Lab Canada

Controlling Johne’s disease in Alberta’s dairy cattle

Calgary, AB – Johne’s disease is an infectious disease that costs the Canadian cattle industry at least $90 million a year in lost production and animal deaths. A voluntary program run by researchers at the Faculty of Veterinary Medicine at the University of Calgary, together with Alberta Milk (the organization that represents dairy farmers in the province) is now trying to reach out to Alberta dairy farmers to help control the disease.

Johne’s (pronounced yo-nee’s) disease in cattle is caused by the bacteria Mycobacterium avium subsp. paratuberculosis (MAP). MAP infects the intestinal tract, preventing the absorption of nutrients and leading to chronic diarrhea and subsequent loss of body condition in spite of a normal appetite. Johne’s is difficult to diagnose, has no treatment or vaccine and is usually fatal. At least 50 per cent of dairy herds contain infected cattle.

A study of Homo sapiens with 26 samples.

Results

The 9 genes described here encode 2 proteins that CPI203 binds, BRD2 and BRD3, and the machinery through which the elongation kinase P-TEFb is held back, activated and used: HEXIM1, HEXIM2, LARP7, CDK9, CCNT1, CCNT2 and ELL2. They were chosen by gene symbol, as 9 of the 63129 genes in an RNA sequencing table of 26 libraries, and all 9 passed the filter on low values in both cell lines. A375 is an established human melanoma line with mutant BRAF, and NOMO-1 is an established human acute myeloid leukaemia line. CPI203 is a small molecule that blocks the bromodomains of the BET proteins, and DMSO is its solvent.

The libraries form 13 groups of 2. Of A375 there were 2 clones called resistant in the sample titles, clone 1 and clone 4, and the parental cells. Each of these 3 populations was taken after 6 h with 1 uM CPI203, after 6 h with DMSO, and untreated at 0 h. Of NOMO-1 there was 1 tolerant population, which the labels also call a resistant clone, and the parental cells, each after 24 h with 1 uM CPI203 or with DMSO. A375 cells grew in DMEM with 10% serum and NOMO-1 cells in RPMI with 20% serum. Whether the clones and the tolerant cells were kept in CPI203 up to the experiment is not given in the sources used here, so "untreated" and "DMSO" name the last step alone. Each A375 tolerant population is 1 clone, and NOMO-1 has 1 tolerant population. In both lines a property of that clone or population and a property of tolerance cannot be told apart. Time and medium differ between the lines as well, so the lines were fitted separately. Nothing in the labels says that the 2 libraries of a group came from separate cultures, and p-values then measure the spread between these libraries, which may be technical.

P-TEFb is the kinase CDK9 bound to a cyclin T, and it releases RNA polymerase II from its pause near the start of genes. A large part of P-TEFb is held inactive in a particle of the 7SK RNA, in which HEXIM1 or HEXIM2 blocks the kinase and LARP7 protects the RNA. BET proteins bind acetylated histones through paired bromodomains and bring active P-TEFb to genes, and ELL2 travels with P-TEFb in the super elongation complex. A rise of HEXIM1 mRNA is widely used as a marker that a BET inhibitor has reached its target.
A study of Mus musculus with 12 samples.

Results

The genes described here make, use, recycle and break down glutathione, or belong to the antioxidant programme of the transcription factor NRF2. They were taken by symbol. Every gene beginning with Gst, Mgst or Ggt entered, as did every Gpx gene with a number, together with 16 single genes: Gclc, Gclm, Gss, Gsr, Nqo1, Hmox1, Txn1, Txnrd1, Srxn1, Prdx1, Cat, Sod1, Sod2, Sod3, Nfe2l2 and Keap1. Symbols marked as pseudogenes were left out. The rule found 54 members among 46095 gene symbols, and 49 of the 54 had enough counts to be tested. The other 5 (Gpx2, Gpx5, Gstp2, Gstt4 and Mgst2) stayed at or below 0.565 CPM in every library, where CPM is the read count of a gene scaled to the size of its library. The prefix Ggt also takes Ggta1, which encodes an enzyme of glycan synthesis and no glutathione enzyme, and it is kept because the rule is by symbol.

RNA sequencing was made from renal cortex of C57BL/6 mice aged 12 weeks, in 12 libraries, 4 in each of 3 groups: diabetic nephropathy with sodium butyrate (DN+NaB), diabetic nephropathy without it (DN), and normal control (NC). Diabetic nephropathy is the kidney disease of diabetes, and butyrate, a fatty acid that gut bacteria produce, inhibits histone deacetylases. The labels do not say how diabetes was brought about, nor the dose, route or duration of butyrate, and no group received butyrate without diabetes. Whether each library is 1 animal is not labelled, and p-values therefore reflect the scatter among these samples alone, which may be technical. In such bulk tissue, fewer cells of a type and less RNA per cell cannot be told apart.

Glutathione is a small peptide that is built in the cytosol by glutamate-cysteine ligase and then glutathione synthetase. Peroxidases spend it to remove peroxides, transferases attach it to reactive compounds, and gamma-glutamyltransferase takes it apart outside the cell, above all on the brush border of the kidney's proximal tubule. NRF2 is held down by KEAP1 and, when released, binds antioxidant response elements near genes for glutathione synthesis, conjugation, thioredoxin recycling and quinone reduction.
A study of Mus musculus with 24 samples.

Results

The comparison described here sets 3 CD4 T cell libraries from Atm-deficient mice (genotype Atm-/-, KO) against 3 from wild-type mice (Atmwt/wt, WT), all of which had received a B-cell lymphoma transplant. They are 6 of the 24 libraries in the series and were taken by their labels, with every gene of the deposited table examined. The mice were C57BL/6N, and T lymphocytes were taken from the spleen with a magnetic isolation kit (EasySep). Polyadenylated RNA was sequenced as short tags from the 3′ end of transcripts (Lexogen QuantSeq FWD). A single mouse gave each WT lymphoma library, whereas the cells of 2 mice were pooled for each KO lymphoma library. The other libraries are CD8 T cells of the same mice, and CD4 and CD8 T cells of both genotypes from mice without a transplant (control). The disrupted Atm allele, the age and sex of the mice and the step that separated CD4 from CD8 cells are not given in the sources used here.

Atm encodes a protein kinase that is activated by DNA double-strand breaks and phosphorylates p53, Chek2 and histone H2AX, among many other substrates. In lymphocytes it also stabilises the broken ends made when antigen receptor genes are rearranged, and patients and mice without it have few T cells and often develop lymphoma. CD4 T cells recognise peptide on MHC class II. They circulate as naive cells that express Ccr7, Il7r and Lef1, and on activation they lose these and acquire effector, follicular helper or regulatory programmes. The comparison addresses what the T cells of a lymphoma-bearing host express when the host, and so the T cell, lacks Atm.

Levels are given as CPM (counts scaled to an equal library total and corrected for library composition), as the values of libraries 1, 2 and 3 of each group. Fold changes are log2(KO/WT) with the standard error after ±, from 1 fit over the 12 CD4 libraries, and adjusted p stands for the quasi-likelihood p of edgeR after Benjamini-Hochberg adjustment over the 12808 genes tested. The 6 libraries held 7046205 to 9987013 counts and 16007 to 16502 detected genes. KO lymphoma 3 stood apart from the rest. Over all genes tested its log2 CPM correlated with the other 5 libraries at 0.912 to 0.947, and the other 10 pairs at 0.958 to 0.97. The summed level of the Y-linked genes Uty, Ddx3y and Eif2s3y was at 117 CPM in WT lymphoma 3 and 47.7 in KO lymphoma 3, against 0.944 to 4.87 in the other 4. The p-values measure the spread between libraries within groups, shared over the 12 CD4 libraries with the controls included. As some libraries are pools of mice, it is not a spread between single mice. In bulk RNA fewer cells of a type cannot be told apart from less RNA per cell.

“Farmers are busy,” says Herman Barkema, who leads the Alberta Johne’s Disease Initiative and is head of the department of production animal health in the Faculty of Veterinary Medicine. “You have different ways that farmers take up information and so we are trying to find out the best way to reach them.”

Working with Alberta Milk, Barkema says the researchers will try to reach every dairy farm in Alberta to conduct a Johne’s disease risk assessment to help identify management practices on the farm that create, or increase the risk that MAP poses to the herd. Then, the farmer and veterinarian work together to develop a farm specific Johne’s disease management plan. Collecting manure samples will help determine the prevalence of MAP infection across the province.

Since the initiative began two years ago, half of the province’s 584 dairy farmers have gone through the steps.